Post-acute rehabilitation is a critical part of helping patients get back to as normal of a life as possible after an acute illness. Often that means extended stays at inpatient facilities and trips to outpatient clinics a few times per week. And even when discharged from those settings, their recovery is often incomplete – they just no longer qualify for professional support.

Emerging mobile technology could be poised to change how we deliver this care. A recent abstract presented at the recent American College of Cardiology conference suggesting significant benefits in the use of a smartphone app on outcomes in cardiac rehabilitation recently brought this potential into focus.

Going beyond apps and even traditional health devices like blood pressure cuffs, advances in wearable sensors that monitor gait, position, and activity hint at a future where formal rehabilitation programs can be delivered remotely long after patients leave the confines of the rehabilitation facility.

In a recent study out of the Mayo Clinic, patients undergoing cardiac rehabilitation post-MI were offered the opportunity to use an app that provides the ability to track their progress and delivers daily supportive messaging as well as education material. In addition to greater improvements in body weight, blood pressure, and quality of life when compared to a non-user population, they also found a significant reduction in rehospitalization.

Granted, there are many confounders in this study and a randomized trial (which is supposedly in the works) will give us far more insight into the incremental gains here. The data also has yet to be formally published.

That being said, it intuitively should make sense how an app could be useful here. Patients are often given plans for exercises and other activities outside their scheduled sessions and to continue after they are discharged from therapy. Apps offer a lot of potential uses here including:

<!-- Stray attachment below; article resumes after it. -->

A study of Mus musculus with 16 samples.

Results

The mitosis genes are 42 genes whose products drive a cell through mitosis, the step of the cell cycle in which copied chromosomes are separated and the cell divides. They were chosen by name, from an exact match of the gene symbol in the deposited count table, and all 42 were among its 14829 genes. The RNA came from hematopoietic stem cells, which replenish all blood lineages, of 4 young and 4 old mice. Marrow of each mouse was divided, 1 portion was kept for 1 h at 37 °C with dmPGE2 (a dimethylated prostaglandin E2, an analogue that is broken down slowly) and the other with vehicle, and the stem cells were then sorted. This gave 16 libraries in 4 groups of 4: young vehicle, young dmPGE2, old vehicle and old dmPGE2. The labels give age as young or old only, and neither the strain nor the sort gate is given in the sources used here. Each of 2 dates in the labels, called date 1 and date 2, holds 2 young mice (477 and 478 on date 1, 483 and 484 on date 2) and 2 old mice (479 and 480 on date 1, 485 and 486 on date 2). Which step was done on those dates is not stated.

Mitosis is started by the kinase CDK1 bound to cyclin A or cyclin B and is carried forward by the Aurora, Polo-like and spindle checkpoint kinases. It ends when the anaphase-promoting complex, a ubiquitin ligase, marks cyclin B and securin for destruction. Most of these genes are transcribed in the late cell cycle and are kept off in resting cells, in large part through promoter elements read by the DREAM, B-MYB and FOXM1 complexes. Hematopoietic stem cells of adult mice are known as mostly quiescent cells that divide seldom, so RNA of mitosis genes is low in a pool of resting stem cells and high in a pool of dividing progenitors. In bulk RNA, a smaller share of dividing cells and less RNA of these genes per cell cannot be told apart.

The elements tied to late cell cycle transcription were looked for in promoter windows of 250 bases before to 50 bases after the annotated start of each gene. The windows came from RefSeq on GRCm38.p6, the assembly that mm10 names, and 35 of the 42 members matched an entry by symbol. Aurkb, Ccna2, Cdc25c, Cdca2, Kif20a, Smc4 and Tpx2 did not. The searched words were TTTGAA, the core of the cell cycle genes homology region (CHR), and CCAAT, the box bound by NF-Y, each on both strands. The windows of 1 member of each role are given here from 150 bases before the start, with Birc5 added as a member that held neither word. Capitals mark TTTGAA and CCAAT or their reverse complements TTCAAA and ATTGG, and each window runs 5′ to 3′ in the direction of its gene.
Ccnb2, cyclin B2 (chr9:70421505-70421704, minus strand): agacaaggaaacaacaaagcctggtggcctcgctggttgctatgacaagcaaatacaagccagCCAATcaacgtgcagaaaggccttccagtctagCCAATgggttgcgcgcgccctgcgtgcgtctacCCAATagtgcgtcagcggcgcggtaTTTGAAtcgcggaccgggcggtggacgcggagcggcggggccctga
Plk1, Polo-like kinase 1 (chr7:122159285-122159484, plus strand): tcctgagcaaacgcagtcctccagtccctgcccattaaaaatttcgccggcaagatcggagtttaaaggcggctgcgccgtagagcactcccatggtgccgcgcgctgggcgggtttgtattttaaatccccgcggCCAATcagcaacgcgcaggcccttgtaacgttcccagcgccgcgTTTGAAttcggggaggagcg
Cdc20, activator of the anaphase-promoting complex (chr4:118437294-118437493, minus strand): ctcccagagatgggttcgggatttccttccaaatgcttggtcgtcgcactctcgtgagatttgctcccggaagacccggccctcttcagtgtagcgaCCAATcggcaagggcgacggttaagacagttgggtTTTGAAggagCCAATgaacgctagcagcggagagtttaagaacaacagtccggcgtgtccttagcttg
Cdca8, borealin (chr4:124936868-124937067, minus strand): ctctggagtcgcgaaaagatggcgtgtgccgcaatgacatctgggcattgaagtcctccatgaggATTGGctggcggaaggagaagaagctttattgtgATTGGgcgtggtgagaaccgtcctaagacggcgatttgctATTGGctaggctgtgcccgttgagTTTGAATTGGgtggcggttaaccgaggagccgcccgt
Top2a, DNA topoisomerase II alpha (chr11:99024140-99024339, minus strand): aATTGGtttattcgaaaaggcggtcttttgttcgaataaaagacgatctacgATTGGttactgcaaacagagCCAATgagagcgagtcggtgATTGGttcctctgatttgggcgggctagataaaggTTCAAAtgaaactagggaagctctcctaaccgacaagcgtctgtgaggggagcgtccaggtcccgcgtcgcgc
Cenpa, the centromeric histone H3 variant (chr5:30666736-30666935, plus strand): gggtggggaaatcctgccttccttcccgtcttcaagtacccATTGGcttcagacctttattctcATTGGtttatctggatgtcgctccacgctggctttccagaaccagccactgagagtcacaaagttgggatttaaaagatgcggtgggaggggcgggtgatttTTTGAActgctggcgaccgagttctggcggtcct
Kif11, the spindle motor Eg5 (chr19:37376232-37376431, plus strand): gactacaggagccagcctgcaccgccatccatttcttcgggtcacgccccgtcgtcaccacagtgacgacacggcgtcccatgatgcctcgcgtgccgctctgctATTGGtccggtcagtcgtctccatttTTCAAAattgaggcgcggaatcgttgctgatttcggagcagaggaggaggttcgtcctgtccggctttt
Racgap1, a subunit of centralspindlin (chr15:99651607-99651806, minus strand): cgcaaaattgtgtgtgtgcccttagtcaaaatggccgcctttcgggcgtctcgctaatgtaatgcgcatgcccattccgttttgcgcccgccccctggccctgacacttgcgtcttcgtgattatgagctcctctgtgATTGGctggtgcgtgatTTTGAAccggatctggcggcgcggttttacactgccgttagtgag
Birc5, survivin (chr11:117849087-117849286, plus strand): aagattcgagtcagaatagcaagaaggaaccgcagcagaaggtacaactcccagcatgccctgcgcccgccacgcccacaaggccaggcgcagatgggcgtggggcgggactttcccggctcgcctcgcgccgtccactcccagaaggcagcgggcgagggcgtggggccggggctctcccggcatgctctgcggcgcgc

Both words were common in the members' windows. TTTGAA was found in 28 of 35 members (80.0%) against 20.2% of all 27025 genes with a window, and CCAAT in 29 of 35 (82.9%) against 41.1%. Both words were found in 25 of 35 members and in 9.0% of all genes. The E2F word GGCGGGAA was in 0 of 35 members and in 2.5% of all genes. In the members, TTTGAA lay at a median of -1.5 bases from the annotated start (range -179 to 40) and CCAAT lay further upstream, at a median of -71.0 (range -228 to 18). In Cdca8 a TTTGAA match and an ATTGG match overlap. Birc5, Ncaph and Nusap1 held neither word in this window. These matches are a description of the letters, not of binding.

• Just-in-time support to encourage execution of personalized plans
  • Improved tracking to enable more effective follow up
  • Potential mechanism for remote monitoring and support
  • Integration with social media to help engage friends and family
  • More robust options for delivering ongoing education

Furthermore, the embedded functionality of mobile devices offers interesting opportunities for more sophisticated rehabilitation programs. The data captured by the iPhone’s M7 coprocessor and other devices with similar functionality gives a great deal of insight into the activity level of an individual – distance travelled, speed, and more. Apps using the smartphone camera can capture everything from heart rate, respiratory rate, and even oxygen saturation.

For patients undergoing pulmonary or cardiac rehabilitation, such physiologic data may have a great deal of utility in crafting really effective remote programs. Some researchers are also exploring use of the camera in assessing joint range of motion, which may have applications in the rehabilitation of patients after a variety of orthopedic surgeries.

In addition, the explosion in wearable sensors and the low-power connectivity options now available may offer yet more options for capturing useful data that can be rolled into remote, individualized, and patient-driven rehabilitation programs. For example, consider a patient with a stroke causing significant left upper extremity weakness. It’s well recognized that early rehabilitation can improve the degree of functional recovery – perhaps with a smart watch on the left arm, one could design an effective app that helps patients push their rehabilitation efforts just a little harder.

As with much of mobile health, there is a great deal of potential here – the actual combinations of physiologic data captured by smartphones or wearables and app features that will lead to measurable benefits remains to be seen.